Decision not to require disclosure of pool’s records quashed
Westwood challenges decision affirming council refusal of access to Shoreline records
Westwood Club had challenged Ombudsman and Information Commissioner Emily O’Reilly’s decision affirming the council’s refusal to grant Westwood access to records concerning Bray Swimming Pool and Sports Leisure Centre Ltd, trading as Shoreline. Photograph: Reuters
A private leisure operator has won a High Court order overturning a decision by the Information Commissioner who ruled Bray Town Council was not required to disclose certain financial records concerning a company operating a public swimming pool in Bray.
Westwood Club had challenged Ombudsman and Information Commissioner Emily O’Reilly’s decision affirming the council’s refusal to grant Westwood access to records concerning Bray Swimming Pool and Sports Leisure Centre Ltd, trading as Shoreline.
The council had argued it would negatively impact on Shoreline to release such information to a rival. Shoreline was set up under a Council Resolution of April 2007 to operate leisure facilities.
A contract for construction of a pool was signed in 2007 and it was decided the Shoreline board would comprise directors of nominating bodies approved by the council and some members of the council. The leisure project was part funded by the Department of Arts, Sport and Tourism with the balance from the council.
Some €10 million was provided to Shoreline by the council, the leisure centre was built on council lands and occupied by Shoreline, initially without any lease and later under a lease at what Mr Justice Kevin Cross said was “uneconomic rent”.
In April 2011, in an effort to establish the funding relationship between the council and Shoreline, Westwood sought access to its financial records for 2008 and 2009.
After the freedom of information officer for Wicklow County Council told Westwood that Shoreline was a private company not subject to the provisions of the FOI Act and other refusals, Westwood appealed to the Commissioner who upheld a preliminary view by an investigator for her office the council was not required to disclose the records.
Granting Westwood’s appeal against that decision, Mr Justice Cross ruled the Commissioner erred in failing to properly analyse two central issues — control of Shoreline and whether the information sought was confidential.
Westwood claimed it was entitled to the information because public money funded Shoreline and its 2010 accounts stated there was a €10.7 million loan due to the council from construction of the pool which the council would not be seeking repayment of “in the foreseeable future”.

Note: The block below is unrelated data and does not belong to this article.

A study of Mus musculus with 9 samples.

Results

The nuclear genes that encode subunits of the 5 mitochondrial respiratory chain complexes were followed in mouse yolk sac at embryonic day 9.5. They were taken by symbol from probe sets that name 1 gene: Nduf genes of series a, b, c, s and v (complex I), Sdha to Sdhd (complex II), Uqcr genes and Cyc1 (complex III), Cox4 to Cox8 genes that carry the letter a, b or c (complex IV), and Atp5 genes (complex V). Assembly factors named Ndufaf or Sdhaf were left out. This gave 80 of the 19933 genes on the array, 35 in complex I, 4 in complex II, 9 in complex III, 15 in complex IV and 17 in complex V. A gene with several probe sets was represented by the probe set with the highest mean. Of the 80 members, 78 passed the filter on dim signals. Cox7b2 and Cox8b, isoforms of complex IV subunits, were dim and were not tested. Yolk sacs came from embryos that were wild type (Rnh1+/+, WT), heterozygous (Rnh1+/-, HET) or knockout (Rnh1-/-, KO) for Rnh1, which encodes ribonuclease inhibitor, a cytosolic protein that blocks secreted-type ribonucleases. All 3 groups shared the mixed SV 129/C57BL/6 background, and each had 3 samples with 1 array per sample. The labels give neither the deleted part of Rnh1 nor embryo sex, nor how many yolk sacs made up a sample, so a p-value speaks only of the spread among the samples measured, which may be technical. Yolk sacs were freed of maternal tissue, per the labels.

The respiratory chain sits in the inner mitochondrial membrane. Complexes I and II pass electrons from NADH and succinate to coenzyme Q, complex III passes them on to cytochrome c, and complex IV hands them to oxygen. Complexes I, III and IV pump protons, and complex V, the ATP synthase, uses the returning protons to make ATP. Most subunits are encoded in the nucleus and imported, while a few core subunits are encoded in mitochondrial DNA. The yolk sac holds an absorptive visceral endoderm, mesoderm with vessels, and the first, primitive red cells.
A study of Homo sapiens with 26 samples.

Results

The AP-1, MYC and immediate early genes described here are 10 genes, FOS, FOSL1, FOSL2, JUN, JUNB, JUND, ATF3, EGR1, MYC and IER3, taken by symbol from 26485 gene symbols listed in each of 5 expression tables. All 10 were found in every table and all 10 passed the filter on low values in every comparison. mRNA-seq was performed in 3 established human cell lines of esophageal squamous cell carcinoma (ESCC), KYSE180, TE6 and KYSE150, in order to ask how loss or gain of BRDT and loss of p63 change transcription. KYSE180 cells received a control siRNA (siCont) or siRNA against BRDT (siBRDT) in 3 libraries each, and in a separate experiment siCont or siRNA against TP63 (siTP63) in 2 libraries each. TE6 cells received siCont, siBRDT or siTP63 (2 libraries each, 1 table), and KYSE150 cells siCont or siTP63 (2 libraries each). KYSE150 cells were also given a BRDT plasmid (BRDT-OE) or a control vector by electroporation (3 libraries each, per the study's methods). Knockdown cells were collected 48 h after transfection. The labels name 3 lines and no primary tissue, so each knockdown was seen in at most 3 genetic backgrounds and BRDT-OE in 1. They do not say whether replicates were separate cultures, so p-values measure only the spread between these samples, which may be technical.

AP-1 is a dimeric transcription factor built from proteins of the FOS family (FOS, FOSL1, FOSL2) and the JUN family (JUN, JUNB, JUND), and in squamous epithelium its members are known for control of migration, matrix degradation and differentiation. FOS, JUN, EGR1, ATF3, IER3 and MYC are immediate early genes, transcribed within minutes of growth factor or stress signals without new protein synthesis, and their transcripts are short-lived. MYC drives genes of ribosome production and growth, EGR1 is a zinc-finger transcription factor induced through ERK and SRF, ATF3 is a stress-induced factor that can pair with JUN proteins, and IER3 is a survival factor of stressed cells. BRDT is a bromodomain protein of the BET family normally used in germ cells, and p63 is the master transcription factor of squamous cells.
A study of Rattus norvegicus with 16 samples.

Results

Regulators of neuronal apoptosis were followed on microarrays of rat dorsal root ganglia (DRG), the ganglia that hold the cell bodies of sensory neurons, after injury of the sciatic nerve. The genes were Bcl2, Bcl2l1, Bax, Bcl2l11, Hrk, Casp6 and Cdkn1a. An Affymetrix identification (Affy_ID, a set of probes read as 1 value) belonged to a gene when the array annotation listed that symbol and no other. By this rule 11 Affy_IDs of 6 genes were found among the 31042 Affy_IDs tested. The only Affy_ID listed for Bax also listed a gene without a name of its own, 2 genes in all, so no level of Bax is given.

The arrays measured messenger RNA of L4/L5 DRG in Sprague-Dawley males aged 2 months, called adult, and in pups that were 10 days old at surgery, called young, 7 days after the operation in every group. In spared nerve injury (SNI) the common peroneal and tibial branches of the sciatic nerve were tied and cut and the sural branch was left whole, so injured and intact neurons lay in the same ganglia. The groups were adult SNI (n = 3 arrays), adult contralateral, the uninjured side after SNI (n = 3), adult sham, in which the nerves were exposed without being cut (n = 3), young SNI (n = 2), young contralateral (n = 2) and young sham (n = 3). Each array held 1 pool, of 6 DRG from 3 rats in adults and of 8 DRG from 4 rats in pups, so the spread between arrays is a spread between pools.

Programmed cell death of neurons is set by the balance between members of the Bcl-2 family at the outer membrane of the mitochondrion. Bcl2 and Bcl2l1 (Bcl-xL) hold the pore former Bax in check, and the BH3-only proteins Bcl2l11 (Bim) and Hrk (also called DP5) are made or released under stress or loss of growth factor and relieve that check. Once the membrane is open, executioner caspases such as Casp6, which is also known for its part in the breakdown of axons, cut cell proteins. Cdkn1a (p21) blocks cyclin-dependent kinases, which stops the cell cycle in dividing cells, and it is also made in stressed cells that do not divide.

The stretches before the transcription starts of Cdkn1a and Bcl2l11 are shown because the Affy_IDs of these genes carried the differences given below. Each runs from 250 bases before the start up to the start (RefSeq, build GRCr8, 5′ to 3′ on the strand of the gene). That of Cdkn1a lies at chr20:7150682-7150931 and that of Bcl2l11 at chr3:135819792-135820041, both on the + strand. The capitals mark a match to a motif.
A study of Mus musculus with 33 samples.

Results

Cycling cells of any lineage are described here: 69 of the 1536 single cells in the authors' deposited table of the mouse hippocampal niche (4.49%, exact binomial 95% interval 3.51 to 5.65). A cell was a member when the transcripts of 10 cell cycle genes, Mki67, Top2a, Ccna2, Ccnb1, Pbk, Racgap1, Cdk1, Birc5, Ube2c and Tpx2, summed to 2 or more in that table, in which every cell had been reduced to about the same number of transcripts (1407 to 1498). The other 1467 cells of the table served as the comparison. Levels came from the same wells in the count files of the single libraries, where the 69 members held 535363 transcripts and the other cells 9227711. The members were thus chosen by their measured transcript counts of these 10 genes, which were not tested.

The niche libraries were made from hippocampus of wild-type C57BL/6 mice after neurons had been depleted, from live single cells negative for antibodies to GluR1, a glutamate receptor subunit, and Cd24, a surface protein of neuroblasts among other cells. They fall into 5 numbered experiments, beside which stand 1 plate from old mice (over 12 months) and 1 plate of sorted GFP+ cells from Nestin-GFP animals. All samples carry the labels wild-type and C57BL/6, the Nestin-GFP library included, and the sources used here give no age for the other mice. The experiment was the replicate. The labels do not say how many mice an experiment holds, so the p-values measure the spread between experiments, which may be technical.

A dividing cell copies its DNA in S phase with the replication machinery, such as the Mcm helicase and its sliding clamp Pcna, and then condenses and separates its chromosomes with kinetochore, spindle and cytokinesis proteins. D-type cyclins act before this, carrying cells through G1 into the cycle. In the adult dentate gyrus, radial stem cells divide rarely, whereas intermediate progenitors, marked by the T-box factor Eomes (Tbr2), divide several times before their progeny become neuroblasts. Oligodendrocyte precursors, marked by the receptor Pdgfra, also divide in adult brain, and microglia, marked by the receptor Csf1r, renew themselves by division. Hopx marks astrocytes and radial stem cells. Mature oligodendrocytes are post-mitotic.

The Commissioner’s investigator concluded Westwood’s request should be rejected on grounds including her view the Council did not control the day-to-day operation of Shoreline and it was in business of its own account.
The judge found relevant matters relating to control of Shoreline were either not considered at all, not adequately considered or were erroneously considered by the Commissioner.
What was not considered was the council’s provision of a loan of more than €10 million to Shoreline, the Commissioner erred in describing that as “grant monies” and Shoreline’s accounts made clear it had that debt to the council, he said.
He found the council controlled Shoreline and the Commissioner’s conclusion to the contrary was irrational and an error of law. The Commissioner also failed to take into account Shoreline held the pool under a non-commercially viable lease and he was satisfied, if the Council was to charge Shoreline an economic rent, the company would be insolvent.
While the Commissioner had asked the council how it could be asserted the documents sought were financially sensitive given their antiquity, she ruled in the Council’s favour without receiving any real reply from it on that issue, the judge said.
The Commissioner was obliged to consider whether the release of the historic commercial information would result in the detriment the council alleged and erred in ruling the council was not obliged, on confidentiality grounds, to release the documents.
The Commissioner also erred in relying upon a preliminary view of her investigator that was tainted because it included a legally incorrect statement shifting the burden of proof onto Westwood, he said. All sides accepted the burden of proof lies in favour of disclosure and the onus was on the Council to show why the documents should not be released.